Philippines has lowest female labour participation in Southeast Asia

Philippines Has Lowest Female Labour Participation In Southeast Asia

Women in jobs or seeking work in the Philippines made up less than half the female working-age population over the last two decades, mainly owing to social expectations that they will care for homes and children, according a study commissioned by the National Economic and Development Authority.

Filipinas are likely to quit work in their peak childbearing age of 25 to 29 years, the study found. This results in the lowest female labour participation rate of just 46 per cent of the entire female workforce, the lowest in Southeast Asia.

In comparison, Laos’ female labour participation at the end of 2018 stood at at 77 per cent, Cambodia’s at 75 per cent, Vietnam’s at 73 per cent, Singapore’s at 61 per cent, Thailand’s at 59 per cent, Brunei’s at 58 per cent, Indonesia’s at 52 per cent, Malaysia’s at 51 per cent and Myanmar’s at 48 per cent, according to business intelligence portal Global Economy.com.

“Stereotyped gender roles of ascribing to women the primary responsibility of taking care of homes and to men, as the provider of the family, undermine the labour force participation of women,” the study noted, adding that such a low rate could eventually hurt economic development and hold back the progress of women’s rights in the Philippines.

Remedial measures could range from laws for employers to offer daycare, boost paternity leave beyond seven days now, or bring religious beliefs, civil status and pregnancy status within the scope of anti-discrimination law, the study said. Extending paternity leave would also give husbands a fair share of caring for their babies, it remarked, while employers should allow more telecommuting work to boost female participation in the workforce.

A 2018 study by McKinsey Global Institute found that having more less advantaged, less-educated women in the labour force would add at least $40 billion to the Philippines economy by 2025. It also said that the Philippines has one of the highest numbers of women in leadership and professional roles, but most of them are from wealthy backgrounds and can afford pricey child care.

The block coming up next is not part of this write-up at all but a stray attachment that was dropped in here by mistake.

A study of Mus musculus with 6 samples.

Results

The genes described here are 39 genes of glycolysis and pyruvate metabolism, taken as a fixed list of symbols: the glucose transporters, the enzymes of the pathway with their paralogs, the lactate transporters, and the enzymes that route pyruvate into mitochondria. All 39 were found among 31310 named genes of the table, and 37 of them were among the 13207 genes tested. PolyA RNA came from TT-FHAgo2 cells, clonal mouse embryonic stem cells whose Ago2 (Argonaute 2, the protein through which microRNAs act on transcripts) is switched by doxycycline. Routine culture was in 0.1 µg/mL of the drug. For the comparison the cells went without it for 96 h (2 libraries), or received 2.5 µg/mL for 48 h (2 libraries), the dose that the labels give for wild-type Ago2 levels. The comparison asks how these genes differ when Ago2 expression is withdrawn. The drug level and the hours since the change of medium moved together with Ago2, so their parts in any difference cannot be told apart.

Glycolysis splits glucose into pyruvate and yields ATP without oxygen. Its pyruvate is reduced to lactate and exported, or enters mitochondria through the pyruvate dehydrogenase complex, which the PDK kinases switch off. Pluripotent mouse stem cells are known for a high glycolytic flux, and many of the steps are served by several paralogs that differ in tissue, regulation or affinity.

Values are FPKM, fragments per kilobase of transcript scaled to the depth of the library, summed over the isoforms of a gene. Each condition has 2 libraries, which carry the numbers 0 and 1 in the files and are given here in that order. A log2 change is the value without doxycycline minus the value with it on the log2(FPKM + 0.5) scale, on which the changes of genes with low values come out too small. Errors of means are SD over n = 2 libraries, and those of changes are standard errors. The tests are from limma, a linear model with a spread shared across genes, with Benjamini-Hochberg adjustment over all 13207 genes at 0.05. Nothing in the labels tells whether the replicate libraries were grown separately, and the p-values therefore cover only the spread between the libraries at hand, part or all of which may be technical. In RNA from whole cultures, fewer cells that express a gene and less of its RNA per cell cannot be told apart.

Philippines Has Lowest Female Labour Participation In Southeast Asia

Women in jobs or seeking work in the Philippines made up less than half the female working-age population over the last two decades, mainly owing to social expectations that they will care for homes and children, according a study commissioned by the National Economic and Development Authority.

Filipinas are likely to quit work in their peak childbearing age of 25 to 29 years, the study found. This results in the lowest female labour participation rate of just 46 per cent of the entire female workforce, the lowest in Southeast Asia.

In comparison, Laos’ female labour participation at the end of 2018 stood at at 77 per cent, Cambodia’s at 75 per cent, Vietnam’s at 73 per cent, Singapore’s at 61 per cent, Thailand’s at 59 per cent, Brunei’s at 58 per cent, Indonesia’s at 52 per cent, Malaysia’s at 51 per cent and Myanmar’s at 48 per cent, according to business intelligence portal Global Economy.com.

“Stereotyped gender roles of ascribing to women the primary responsibility of taking care of homes and to men, as the provider of the family, undermine the labour force participation of women,” the study noted, adding that such a low rate could eventually hurt economic development and hold back the progress of women’s rights in the Philippines.

Remedial measures could range from laws for employers to offer daycare, boost paternity leave beyond seven days now, or bring religious beliefs, civil status and pregnancy status within the scope of anti-discrimination law, the study said. Extending paternity leave would also give husbands a fair share of caring for their babies, it remarked, while employers should allow more telecommuting work to boost female participation in the workforce.

A 2018 study by McKinsey Global Institute found that having more less advantaged, less-educated women in the labour force would add at least $40 billion to the Philippines economy by 2025. It also said that the Philippines has one of the highest numbers of women in leadership and professional roles, but most of them are from wealthy backgrounds and can afford pricey child care.